IEA calls for the removal of 80% of traffic lights

Eighty per cent of traffic lights should be removed, according to the Institute of Economic Affairs (IEA).

A new report published by the IEA claims that this would boost the economy and improve road safety.

The think tank says the high proportion of traffic regulation is not only detrimental to road safety, the economy and the environment, but that it also imposes huge costs on road-users, taxpayers and communities.

From 2000 to 2014, when there was little growth in traffic volumes, the number of traffic lights on Britain’s roads increased by 25%.  The number of junctions controlled by signals has risen to about 15,000 with a further 18,000 pedestrian crossings.  The number of instructional traffic signs in England reached 4.57 million in 2013 – an increase of 112% since 1993.

The report also looks at other areas of driver control including speed cameras saying that, after Britain’s first speed was installed in 1992, within 20 years there were more than 3,000 at 2,300 fixed sites and that monitoring now extends to large sections of the motorway network, a step change in the surveillance of motorists.

The IEA report discusses the proliferation in 20mph zones, saying that in 2013 Islington became the first borough to bring in a blanket 20mph speed limit, and by summer 2015 around 14 million people lived in local authorities that had adopted or were in the process of adopting a 20mph standard.  It also looks at the effect of bus lanes on traffic.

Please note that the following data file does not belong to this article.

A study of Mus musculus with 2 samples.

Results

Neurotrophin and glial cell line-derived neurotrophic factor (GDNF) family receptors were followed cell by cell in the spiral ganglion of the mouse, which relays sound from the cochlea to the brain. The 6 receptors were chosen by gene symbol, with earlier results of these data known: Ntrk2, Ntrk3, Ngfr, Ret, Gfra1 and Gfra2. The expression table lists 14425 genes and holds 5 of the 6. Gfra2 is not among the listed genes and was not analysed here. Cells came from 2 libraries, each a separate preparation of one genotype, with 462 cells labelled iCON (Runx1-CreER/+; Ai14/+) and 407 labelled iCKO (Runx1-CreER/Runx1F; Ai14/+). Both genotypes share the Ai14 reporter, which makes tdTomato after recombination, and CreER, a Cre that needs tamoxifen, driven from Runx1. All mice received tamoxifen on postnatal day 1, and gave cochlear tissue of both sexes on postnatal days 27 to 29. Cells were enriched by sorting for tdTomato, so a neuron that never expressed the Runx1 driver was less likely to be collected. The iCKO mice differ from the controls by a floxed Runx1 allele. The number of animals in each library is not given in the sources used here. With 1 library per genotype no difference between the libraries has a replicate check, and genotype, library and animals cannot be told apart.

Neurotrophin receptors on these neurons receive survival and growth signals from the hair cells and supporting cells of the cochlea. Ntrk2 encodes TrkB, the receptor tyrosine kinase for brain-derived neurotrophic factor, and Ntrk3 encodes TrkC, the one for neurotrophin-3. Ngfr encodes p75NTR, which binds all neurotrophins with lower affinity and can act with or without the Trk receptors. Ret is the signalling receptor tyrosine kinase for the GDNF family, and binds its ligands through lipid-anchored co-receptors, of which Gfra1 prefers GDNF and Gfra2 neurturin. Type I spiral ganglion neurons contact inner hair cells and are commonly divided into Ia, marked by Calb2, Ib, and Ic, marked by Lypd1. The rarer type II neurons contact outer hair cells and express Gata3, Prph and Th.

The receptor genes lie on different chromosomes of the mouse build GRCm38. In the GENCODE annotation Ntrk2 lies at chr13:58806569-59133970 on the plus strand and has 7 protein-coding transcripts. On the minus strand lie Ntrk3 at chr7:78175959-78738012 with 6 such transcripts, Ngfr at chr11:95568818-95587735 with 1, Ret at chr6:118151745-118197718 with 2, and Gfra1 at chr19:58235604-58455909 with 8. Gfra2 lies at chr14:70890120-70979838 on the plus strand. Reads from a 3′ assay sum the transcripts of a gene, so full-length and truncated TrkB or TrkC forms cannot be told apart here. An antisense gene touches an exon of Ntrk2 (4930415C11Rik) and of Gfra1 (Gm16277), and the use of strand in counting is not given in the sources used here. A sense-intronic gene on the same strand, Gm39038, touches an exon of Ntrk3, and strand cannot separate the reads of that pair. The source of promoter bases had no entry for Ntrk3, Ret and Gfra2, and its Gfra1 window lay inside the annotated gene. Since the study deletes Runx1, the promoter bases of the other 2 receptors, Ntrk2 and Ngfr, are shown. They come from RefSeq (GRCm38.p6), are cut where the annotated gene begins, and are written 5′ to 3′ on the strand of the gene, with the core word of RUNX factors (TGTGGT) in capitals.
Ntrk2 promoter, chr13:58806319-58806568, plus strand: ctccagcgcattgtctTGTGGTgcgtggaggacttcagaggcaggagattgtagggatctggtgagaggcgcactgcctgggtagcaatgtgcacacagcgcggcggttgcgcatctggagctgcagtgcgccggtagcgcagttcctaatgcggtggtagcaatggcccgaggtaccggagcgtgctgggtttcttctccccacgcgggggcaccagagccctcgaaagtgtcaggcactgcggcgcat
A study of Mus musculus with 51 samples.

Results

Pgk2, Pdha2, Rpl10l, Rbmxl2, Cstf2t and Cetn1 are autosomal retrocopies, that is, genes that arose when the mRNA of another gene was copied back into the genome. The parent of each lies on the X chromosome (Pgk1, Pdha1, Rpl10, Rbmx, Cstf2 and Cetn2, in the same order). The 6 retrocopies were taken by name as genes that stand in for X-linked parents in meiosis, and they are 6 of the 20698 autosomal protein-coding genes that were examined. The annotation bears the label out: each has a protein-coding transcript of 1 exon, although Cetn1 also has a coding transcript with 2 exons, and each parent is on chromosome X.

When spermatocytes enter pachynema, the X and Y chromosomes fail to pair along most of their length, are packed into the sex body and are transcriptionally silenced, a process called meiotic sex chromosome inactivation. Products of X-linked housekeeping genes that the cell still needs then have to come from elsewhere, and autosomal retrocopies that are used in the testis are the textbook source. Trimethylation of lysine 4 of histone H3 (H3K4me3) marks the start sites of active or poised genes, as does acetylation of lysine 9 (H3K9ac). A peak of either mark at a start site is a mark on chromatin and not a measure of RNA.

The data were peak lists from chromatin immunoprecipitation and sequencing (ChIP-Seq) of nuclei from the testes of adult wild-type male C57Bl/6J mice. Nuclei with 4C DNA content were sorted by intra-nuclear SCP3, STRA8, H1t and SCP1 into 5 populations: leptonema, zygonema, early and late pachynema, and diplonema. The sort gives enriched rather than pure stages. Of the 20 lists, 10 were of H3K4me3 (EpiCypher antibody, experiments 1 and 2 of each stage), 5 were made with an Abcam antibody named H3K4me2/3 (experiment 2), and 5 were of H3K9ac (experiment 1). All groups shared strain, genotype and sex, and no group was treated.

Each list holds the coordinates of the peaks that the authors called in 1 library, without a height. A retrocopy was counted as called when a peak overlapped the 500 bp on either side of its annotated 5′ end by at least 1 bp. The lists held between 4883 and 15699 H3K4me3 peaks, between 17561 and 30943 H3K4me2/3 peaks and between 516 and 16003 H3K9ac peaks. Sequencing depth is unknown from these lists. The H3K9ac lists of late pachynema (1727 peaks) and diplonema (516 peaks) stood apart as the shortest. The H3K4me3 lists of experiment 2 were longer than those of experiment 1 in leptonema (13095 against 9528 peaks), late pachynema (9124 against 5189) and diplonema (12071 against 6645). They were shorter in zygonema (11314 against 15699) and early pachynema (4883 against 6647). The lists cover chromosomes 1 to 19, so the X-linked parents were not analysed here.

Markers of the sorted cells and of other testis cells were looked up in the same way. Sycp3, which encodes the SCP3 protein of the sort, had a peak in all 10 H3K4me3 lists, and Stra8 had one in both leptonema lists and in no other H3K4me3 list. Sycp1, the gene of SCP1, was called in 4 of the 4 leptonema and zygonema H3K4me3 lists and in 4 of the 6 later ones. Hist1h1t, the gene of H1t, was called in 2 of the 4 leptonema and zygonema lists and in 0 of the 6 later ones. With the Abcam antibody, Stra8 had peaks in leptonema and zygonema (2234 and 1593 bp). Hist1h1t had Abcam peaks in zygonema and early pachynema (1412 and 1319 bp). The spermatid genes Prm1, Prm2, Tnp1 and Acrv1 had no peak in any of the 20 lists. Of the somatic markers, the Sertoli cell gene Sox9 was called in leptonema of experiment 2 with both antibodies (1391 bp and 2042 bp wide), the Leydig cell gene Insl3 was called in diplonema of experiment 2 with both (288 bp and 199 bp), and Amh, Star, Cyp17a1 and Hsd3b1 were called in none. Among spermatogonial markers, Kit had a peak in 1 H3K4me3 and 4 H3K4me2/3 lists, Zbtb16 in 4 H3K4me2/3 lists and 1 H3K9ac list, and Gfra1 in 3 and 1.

“The importance of the road network means the cumulative effect of these measures imposes an enormous burden on the UK economy,” says the report’s summary.  “Just a two-minute delay to every car trip equates to a loss of approximately £16 billion a year.”

It wants most traffic lights to be replaced by filter-in-turn or all-way give-ways.  Many bus lanes, cycle lanes, speed cameras and parking restrictions should also go.  “Culling such traffic management infrastructure would deliver substantial economic and social benefits,” the report says.


The report makes much of the replacement of Traffic Lights in Poynton with a “lightless” shared space. However this cost £3,5m. Hence projecting this for 80% of the estimated 15,000 junctions with traffic lights comes to £42,000,000,000. I look forward to IEA asking George Osborne to dedicate such funds to this.

Comparison with Netherlands is also rather missing the point. Over there all the shared space implementations have low 30km/h(20mph) speed limits across communities. The very intervention that IEA are also campaigning against.

Let’s give that a trial and see what happens. Perhaps the City of Westminster where the economic drivers are all based would be a good place to start by removing all trafffic management, traffic control and parking restrictions?

Is the IEA Report too simplistic? It is well known that traffic can sometimes flow equally well when signals are switched off, but pedestrian facilities are lost. Linking of junctions and area traffic control can also be lost.